Tackling Brain Research

Recent additions to the Montreal Neurological Institute (MNI) by Bobrow Architects do double duty. Two adjoining pavilions–the Molson Pavilion for Molecular Medicine (completed 1996) and the Brain Tumour Research Centre (scheduled to open officially next fall)–extend a world-renowned, high-tech medical research centre. The faade of the Molson Pavilion also incorporates the anodized aluminum bilingual scoreboard for the Percival Molson Memorial Stadium at McGill University, home of the Montreal Alouettes. During football games, in fact, fans actually sit on portable bleachers that hug the new buildings’ faades.

This cozy relationship between brain surgery and football is longstanding; a McGill Redmen football game was once stopped to allow an RCAF helicopter to deliver a patient to the neurological hospital. A second close connection is in the location of MNI’s mini-cyclotron, the first in North America. Much of the Institute’s ground-breaking research depends on this atomic apparatus, which accelerates charged particles by making them spiral, like an Anthony Calvillo pass, in a magnetic field to produce artificial radioactive chemicals. This process allows medical researchers to obtain detailed coloured pictures of brain activity. In order to shield the radioactivity produced by the advanced technology, the MNI cyclotron was embedded within a concrete vault in the sub-basement of the stadium’s fieldhouse in 1981. It’s a marriage made in gridiron heaven that saved “the Neuro” a bundle in construction costs.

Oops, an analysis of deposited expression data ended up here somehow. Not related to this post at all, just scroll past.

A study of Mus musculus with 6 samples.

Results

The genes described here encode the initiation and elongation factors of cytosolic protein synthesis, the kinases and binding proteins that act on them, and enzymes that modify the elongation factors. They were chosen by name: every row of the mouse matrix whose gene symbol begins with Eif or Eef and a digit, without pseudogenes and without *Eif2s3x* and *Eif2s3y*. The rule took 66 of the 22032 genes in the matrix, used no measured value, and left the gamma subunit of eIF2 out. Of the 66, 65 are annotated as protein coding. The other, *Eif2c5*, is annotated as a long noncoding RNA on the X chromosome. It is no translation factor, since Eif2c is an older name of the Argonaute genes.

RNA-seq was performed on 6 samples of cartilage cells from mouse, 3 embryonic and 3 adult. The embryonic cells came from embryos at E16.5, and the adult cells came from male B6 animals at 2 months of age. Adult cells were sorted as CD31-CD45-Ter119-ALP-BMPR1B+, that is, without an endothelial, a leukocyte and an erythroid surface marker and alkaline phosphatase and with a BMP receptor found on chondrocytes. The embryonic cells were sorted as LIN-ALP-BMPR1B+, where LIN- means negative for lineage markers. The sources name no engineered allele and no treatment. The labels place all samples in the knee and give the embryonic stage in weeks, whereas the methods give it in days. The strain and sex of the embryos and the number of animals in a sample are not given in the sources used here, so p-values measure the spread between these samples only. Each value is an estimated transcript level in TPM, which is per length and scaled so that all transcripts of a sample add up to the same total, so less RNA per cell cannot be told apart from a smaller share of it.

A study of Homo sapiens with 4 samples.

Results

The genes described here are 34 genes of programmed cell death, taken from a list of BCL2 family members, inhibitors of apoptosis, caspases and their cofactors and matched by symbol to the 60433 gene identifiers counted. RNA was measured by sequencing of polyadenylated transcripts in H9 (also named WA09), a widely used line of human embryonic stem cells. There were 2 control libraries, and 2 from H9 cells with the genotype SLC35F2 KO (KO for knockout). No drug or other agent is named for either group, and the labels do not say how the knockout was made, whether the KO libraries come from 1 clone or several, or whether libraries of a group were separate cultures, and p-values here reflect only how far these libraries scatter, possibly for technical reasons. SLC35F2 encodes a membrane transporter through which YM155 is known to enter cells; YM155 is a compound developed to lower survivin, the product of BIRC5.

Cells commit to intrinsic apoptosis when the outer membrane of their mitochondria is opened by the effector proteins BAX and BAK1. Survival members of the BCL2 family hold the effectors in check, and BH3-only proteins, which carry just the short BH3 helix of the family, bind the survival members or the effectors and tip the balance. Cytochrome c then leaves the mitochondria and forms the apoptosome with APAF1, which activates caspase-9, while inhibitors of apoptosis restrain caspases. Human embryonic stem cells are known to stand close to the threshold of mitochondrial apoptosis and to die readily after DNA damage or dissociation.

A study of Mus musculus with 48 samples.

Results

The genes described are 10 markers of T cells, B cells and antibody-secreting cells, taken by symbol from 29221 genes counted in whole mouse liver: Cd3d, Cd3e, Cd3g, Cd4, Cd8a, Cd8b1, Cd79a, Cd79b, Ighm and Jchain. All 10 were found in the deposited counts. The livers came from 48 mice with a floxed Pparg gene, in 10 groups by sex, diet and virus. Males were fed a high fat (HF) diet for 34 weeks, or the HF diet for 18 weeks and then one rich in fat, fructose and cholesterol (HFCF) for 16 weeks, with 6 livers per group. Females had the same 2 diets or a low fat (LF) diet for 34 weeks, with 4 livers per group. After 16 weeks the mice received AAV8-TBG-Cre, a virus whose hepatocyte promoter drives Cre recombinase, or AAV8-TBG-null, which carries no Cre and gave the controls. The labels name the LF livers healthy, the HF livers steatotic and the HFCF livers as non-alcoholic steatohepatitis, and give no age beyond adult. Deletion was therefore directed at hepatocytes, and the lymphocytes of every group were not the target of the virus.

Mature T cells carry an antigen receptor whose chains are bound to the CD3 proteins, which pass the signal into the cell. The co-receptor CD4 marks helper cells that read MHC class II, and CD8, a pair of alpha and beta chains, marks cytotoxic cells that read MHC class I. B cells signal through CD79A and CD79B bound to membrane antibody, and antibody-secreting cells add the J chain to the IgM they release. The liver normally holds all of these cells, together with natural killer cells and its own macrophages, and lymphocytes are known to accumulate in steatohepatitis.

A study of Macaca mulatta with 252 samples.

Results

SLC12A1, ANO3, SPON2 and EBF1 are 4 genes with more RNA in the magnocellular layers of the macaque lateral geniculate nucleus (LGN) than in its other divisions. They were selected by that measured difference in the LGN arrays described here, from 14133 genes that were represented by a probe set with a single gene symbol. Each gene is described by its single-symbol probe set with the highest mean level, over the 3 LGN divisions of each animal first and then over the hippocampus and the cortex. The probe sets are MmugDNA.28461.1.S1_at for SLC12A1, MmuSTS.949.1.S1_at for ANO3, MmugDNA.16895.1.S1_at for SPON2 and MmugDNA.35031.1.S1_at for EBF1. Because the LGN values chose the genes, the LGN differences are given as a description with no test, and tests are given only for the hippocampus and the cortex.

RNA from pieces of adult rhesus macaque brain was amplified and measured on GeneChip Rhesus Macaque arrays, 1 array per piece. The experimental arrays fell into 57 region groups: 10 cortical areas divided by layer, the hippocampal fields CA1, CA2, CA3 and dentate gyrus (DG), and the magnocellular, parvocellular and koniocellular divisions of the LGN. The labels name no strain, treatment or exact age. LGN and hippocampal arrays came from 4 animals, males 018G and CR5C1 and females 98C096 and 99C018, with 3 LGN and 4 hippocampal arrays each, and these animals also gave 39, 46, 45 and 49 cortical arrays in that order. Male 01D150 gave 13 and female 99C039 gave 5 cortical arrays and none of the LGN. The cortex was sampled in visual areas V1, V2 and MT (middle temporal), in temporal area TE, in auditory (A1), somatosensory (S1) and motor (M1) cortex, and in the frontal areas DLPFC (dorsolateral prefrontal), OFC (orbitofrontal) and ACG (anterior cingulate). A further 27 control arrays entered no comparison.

The architecture of the rather elegant and decidedly low-tech university stadium, which was officially dedicated in 1919, is also directly reflected in the plan of the contiguous Neuro pavilions. A single-loaded perimeter corridor follows the curvature of the stadium’s running track. This circulation pattern provides the new laboratories with maximum flexibility and daylighting, not to mention superb views of the playing field.

The Molson Pavilion for Molecular Medicine is constructed on the university fieldhouse, designed as part of the stadium by Percy Nobbs. The Brain Tumour Research Centre departs from the geometry of the fieldhouse and is distinguished from its immediate neighbour by bulging gently in the opposite direction. This rounded section of the centre provides the all-important communications facility, where brain tumour experts from around the globe can huddle and compare game plans. Also, it signals a new principal entry into the stadium.

The cyclotron (in its comfortable concrete bed) is also a component of the McConnell Brain Imaging Centre and the planned expansion of the Neuro’s Webster Pavilion (opened 1984), recently awarded to Fiset Miller Bourke Architectes. The stadium, too, is about to expand: thanks to its renewed popularity with enthusiastic Alouette fans, it will be enlarged from its current capacity of 19,600 seats to 24,000.

The close fit between the design of the Neuro and the Molson Stadium is extremely rare. What will happen if the MNI leaves its high-tech mountainside quarters on the upper McGill campus for new digs as part of the controversial billion-dollar proposed McGill University Health Centre, planned to open in 2006 on the former Glen railway yards? The Brain Imaging Centre (including the cyclotron in its concrete bunker), the Molson Pavilion for Molecular Medicine and the Brain Tumour Research Centre will all need to be transferred or replaced at enormous expense. Will the Neuro’s new occupant like football?

Annmarie Adams is an Associate Professor at McGill University’s School of Architecture.